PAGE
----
Feast of Our Lady of Fatima
Things become old much too quickly.
Imagine my delight, then, when last Friday I met someone who told me his Grandmother was present on October 13, 1917 at Fatima; she was personally present at the moment when the sun danced and fell out of the sky.
Suddenly Fatima jumped out of history like the sun did that day and became relevant and modern to me.
I jotted down the account she had told him so I would not miss any of the details. I write it here because, first of all, it’s a miraculous story, and second of all, even if we might already know what happened at Fatima, an eyewitnesses account of a miracle always serves to freshen the memory and more importantly our faith.
News spread throughout the village that Lucia de Jesus and Francisco and Jacinta Marto—whose feast day it is today, February 20th—had received an apparition of a “lady brighter then the sun.” The Lady was holding a Rosary and told the children to return for five consecutive months, on the thirteenth of each month; moreover, on the day of the last apparition there would be a sign visible to all. That day had finally arrived.
His grandmother left her nine year old brother to watch the sheep and headed out into the driving rain and dropping temperature. The ground was completely muddy and the rocks were slippery. Over seventy thousand people had made the trek that morning, making the traveling conditions even worse. By the time she reached the apparition sight she was covered head to toe in mud and her clothes were completely soaked.
All types of people had gathered: those with faith who knelt and prayed the Rosary, those who were curious, and then there were the communists and atheists, many of whom were cursing, chiding, and yelling out cat-calls to Jacinta and Lucia. As the time went on and conditions worsened, it seemed as though nothing would happen and it became very tense among the people.
Then the rain stopped and the clouds parted. The sun shined and began to change colors and spin around itself in a mad whirl. It glittered and began to whirl even more wildly. Suddenly it loosened itself from the sky and fell threateningly toward the seventy thousand gathered below. People screamed. Many dropped face down into the mud or dropped to their knees. Those next to her who had been swearing began to cry for mercy. Then, just as quickly as it had started, it ended. The sun was back in its place.
Her hair, skin, and clothes were completely dry. The ground around her was dry. There was no trace of mud on her. She felt completely clean, both inside and out. A man from her village who was crippled was able to walk. Several others who were sick were cured.
She prayed three Rosaries daily for the rest of her life in honor of what Mary asked, that we “say the Rosary every day, to bring peace to the world and an end to war.”
I know what my Lenten resolution will be this year: three daily Rosaries for peace. I invite you to the same.
If you haven’t seen it already I wholeheartedly recommend the 13th Day, an incredible film about the historic, but not ancient, event of Fatima.
Sends goose bumps doesn’t it??? I cannot even imagine. Thanks so much for sharing it. God Bless, SR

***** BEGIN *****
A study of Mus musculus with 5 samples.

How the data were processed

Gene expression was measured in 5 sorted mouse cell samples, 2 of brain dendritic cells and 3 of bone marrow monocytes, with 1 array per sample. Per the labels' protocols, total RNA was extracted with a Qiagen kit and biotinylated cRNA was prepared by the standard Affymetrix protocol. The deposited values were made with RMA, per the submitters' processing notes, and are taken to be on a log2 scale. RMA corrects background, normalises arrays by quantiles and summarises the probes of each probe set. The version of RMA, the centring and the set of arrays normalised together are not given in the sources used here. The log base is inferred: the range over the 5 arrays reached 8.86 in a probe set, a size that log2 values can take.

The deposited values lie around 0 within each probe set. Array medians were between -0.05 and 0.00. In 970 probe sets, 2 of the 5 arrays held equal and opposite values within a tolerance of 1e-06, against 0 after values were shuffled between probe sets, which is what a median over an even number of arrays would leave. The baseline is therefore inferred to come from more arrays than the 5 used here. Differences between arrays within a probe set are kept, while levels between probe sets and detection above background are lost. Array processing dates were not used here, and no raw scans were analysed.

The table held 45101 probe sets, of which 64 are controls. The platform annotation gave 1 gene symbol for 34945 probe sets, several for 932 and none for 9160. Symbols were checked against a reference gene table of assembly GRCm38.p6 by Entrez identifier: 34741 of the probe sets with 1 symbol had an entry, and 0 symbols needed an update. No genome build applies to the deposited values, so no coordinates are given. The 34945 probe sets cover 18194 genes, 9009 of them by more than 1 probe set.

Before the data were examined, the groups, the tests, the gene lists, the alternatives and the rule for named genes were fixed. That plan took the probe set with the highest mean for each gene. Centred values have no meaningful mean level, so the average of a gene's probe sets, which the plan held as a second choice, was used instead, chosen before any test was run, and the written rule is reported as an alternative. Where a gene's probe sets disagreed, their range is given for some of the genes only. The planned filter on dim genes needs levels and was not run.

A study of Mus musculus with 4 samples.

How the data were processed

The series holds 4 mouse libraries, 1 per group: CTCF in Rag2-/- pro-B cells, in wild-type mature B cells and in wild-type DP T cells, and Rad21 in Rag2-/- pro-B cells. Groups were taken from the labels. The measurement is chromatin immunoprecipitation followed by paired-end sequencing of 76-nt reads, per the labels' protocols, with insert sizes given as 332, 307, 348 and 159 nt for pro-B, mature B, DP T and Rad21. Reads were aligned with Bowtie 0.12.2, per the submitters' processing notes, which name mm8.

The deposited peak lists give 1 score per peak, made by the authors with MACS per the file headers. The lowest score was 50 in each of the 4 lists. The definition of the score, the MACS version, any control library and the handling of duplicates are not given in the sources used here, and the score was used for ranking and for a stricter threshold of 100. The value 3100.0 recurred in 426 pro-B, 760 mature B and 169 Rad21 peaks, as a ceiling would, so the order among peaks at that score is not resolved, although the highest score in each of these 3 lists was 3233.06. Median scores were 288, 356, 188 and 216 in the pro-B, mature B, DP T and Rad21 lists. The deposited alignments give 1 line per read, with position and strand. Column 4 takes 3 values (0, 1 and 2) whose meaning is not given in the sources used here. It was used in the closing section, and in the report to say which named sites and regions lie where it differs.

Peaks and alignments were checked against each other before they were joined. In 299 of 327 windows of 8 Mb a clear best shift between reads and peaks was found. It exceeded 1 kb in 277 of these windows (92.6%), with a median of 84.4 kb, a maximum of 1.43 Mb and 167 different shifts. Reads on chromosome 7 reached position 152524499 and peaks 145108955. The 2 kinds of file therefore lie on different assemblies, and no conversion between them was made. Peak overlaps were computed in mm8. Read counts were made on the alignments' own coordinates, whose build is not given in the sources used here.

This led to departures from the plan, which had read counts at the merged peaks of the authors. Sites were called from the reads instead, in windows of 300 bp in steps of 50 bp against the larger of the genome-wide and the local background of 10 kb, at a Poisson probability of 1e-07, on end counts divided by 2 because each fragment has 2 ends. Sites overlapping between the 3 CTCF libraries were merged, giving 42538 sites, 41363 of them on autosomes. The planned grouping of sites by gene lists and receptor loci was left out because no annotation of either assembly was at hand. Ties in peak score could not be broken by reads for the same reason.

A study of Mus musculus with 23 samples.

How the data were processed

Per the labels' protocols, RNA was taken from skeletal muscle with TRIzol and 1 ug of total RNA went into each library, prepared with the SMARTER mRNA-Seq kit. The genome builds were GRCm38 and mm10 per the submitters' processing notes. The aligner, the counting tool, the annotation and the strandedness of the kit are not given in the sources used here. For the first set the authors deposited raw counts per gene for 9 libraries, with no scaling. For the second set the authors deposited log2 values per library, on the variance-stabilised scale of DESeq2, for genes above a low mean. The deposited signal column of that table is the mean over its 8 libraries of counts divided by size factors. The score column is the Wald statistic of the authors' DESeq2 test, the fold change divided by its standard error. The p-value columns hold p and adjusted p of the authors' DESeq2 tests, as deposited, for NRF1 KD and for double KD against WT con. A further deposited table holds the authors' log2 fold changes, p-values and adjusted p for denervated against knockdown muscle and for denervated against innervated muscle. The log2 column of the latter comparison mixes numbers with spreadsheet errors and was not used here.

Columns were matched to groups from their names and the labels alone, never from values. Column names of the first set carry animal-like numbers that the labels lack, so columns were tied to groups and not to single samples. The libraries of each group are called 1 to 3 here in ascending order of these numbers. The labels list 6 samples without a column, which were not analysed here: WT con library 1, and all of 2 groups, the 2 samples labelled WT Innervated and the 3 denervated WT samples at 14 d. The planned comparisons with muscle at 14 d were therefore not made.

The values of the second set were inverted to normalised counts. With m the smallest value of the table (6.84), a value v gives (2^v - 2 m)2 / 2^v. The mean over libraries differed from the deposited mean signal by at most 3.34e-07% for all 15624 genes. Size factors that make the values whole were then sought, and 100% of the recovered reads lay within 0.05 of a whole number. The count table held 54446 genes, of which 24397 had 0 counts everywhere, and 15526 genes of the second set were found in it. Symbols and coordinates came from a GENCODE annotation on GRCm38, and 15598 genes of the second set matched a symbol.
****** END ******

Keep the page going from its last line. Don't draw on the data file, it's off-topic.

You are welcome, SR. Thanks for your comment and God bless you!
How wonderful to hear a first-hand account and thank you so much for sharing it! I have always been fascinated by Fatima and will definitely have to check out that film!
It was a true, faith inspiring blessing. I hope you get a chance to see the movie. Thanks for you comment, and God bless!
May I have permission to re-blog this on my blog? I’d like to put the entire post there. I’d give Biltrix credit, of course. Blessings, Rebecca
Of course, Rebecca! We would be honored. Thanks for asking.
Reblogged this on From The Pews and commented:
“If you haven’t seen it already I wholeheartedly recommend the 13th Day, an incredible film about the historic, but not ancient, event of Fatima.”
I want to see this…
And best of all, it’s a REAL TRUE STORY!!!
Pingback: Miracle Story: An Eyewitness to the Miracle at Fatima Remembers
Did all the other people in Europe who could see the sun that day and at this time see it do this, or just the people who gathered to stare at the sky during a communal religious experience? Did people take pictures of the sun moving from place to place, or otherwise provide evidence? I’m guessing that the sun didn’t actually move, as we aren’t careening off through the Universe, which would presumably happen if our gravity well decided to lurch a few billion miles away and back. I know that this is an occasionally sensitive topic in Catholicism, but we orbit the sun. It’s not making too many sudden moves.
My understanding is that the people who went saw various different things, including the sun moving in a zig-zag, the sun changing color, rays of light, apparitions of Mary or the saints, the sun becoming hotter, the sun spinning, the sun descending, a combination of these, or nothing at all, among many other conflicting reports. As staring into the sky while expecting a religious manifestation in an atmosphere of enormous piety is a great way to get yourself to hallucinate, I have a really hard time taking this miracle seriously as a reason to believe that there’s any truth to Catholicism. Is the standard for miracles really so low?
Thanks for the post.
Of course there is always room for skepticism. I mean think about it. Even scientific theories need to be falsifiable if they are to be accepted as valid scientific theories. Where there’s room for inquiry, there’s room for doubt.
Is that the official position of the Catholic Church? That there’s “always room for skepticism” regarding its teachings? I feel like I learned differently…
First, who said I was stating the official Catholic position. Second, in matters like these, The Church does not say you have to believe it, it just says that it does not oppose that belief. So… there’s room for skepticism.